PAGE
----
Saturday, July 2, 2011

Recognition of Higher Education Degrees in Greece

The minister of education has hinted that 3 year undergraduate programs may be eligible for Higher Education status in Greece, equivalent to the current Greek programs.

Greece currently does not recognize 3 year undergrad programs from European Canadian and American universities as equivalent to the local Greek university curricula.

The reason for this is that Greece, through the ministry of education and the NARIC assessment body (DOATAP or ΔΟΑΤΑΠ) considers as an equivalence parameter the number of years of the program rather than the quality of the program.

For instance a 3 or 4 year undergraduate engineering program from McGill, one of the world's top universities, is not considered equivalent to the 5 year program of the National Polytechnic Institute (Ethiko Metsovio Polytechnio or EMP, ΕΜΠ) since the EMP program is a five year program while the McGill program is a 4 year program.

So according to the DOATAP, the fact that McGill (or MIT) is a world class university that makes the grade in every assessment and accreditation list and consists of rigorous courses taught by world reknown professors (example Dr. Peter Caynes)in a framework consisting of heavy research and academic excellence makes no difference (to DOATAP - ΔΟΑΤΑΠ); the important thing is that McGill's program is 4 years, while the local program is a five year program, and that's what counts (without any mention of the composition, quality or relevance of the program).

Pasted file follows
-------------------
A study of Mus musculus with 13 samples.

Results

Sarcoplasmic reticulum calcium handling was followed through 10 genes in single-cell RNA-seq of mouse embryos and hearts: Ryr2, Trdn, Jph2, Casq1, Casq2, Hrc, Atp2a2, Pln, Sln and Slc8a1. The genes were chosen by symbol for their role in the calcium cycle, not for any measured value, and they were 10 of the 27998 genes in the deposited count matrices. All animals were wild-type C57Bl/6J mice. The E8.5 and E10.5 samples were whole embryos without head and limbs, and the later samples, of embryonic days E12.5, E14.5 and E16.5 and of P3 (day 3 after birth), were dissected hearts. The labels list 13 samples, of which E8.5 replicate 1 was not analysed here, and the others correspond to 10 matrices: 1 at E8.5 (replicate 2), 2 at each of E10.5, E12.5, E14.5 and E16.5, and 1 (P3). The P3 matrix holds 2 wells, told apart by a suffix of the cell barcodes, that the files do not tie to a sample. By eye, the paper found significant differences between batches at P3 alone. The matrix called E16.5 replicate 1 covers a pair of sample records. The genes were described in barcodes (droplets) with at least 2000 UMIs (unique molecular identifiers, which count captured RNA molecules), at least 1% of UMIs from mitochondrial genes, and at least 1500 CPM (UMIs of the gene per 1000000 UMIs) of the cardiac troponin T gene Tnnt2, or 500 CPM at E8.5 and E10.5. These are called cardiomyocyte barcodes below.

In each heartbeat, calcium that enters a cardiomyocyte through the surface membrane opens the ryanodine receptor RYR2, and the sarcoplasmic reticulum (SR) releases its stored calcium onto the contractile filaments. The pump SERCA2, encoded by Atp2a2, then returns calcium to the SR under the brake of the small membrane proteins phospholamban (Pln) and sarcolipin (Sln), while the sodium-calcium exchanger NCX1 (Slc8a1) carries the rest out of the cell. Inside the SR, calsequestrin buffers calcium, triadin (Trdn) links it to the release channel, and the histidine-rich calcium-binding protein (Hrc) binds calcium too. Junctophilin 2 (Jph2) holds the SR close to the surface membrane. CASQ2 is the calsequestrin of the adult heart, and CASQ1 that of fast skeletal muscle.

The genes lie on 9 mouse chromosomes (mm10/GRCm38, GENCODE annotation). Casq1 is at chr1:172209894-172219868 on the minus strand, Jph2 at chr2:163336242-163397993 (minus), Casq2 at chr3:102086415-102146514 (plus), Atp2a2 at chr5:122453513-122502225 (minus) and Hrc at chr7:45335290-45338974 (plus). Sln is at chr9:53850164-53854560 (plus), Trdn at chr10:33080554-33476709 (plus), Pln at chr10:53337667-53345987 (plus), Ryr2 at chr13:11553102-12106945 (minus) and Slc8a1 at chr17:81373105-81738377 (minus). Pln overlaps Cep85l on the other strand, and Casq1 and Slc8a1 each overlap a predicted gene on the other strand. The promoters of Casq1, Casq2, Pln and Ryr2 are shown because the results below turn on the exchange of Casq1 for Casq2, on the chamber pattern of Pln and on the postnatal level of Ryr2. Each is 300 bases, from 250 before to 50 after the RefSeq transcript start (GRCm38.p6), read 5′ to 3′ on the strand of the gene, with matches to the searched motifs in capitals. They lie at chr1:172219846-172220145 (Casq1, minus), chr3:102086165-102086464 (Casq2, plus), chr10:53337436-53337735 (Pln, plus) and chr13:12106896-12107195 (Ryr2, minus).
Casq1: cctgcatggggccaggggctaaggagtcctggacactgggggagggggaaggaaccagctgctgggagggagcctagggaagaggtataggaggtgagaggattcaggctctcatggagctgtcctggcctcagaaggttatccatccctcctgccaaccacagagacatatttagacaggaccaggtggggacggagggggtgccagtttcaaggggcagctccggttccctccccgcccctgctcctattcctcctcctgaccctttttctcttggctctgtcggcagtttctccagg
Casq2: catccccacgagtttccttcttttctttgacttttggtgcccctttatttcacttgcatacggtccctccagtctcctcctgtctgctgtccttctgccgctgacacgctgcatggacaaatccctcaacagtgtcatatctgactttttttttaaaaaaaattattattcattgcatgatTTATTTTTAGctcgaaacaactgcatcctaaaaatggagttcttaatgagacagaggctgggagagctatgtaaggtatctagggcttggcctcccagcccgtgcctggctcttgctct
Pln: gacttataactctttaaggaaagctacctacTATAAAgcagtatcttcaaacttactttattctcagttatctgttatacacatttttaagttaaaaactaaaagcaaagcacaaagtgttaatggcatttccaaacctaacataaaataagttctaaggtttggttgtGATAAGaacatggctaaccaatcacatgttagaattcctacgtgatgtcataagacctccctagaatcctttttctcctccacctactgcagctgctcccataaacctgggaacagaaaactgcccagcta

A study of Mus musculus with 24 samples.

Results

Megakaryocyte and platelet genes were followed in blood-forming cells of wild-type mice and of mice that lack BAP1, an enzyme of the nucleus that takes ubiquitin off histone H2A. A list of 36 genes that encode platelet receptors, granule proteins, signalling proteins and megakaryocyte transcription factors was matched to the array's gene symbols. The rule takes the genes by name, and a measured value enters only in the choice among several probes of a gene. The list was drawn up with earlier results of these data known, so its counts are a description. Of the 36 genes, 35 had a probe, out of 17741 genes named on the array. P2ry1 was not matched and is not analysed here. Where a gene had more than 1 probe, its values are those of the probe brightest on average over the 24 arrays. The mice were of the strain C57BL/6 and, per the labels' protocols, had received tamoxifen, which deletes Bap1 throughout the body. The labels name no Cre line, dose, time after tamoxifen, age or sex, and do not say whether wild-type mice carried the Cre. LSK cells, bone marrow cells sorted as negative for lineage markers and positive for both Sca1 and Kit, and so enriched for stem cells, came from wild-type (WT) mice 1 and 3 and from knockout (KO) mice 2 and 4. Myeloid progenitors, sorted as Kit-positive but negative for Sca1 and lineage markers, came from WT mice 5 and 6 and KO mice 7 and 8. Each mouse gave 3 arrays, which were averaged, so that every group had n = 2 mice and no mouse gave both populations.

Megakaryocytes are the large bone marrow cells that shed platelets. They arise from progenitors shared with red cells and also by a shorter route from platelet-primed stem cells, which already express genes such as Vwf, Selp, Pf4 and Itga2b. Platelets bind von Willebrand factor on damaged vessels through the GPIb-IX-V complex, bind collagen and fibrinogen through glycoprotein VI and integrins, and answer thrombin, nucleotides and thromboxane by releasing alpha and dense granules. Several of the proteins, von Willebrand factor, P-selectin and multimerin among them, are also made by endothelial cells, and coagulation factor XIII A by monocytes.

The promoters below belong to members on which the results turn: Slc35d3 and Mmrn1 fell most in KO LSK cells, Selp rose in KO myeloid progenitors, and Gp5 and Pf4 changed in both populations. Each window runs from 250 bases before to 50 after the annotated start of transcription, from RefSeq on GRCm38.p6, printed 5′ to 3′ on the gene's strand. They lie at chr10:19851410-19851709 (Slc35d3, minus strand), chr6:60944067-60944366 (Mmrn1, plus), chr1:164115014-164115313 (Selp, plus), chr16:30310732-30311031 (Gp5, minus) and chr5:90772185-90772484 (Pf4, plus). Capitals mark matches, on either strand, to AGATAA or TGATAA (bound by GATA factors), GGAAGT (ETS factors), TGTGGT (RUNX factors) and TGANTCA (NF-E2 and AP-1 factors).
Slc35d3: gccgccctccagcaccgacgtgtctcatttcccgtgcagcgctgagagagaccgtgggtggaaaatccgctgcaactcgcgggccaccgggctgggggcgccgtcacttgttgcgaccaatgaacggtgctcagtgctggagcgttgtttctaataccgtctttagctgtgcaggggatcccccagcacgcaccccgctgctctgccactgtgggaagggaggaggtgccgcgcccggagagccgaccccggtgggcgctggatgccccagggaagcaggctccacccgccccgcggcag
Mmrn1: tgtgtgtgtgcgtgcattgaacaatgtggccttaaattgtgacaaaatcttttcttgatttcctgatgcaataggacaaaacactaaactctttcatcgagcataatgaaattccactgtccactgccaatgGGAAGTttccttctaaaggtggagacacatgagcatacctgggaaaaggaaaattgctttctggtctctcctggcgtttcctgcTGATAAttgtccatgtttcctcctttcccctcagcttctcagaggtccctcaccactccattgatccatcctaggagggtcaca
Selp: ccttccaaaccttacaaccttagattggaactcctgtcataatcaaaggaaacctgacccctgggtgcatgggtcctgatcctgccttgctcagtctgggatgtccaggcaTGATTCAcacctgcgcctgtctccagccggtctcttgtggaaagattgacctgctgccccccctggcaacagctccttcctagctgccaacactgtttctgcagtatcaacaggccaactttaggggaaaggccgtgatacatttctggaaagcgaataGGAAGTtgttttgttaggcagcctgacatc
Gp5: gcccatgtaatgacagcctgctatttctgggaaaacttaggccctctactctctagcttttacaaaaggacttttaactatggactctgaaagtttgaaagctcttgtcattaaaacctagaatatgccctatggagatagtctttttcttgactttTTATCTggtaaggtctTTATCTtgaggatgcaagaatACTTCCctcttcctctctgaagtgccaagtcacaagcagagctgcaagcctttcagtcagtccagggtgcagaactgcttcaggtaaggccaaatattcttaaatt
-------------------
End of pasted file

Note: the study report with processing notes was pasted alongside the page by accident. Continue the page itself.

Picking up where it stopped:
In addition, the MInistry of education does not take into account extra years spent in pre university programs (in Canada and the US) such as the 2 years Quebec residents need to spend in college in a pure and applied science program, these years consisting of courses that are more than equivalent to the first two years of EMP (for example the linear algebra curricula in Quebec CEGEPS is equivalent to a freshman course in MIT).



The Minister of Education's goal of reexamining how programs are assessed and accredited in Greece is expected to meet stiff competition both from the academic environment as well as from the local order of engineers; both entities have been severely critisized in the last couple of years as contributing to Greece's inertia.

Of course with Greece's demise and the eventual disintegration of the public sector, the fact whether DOATAP will eventually recognize or not any of these degrees is to say the least....irrelevant.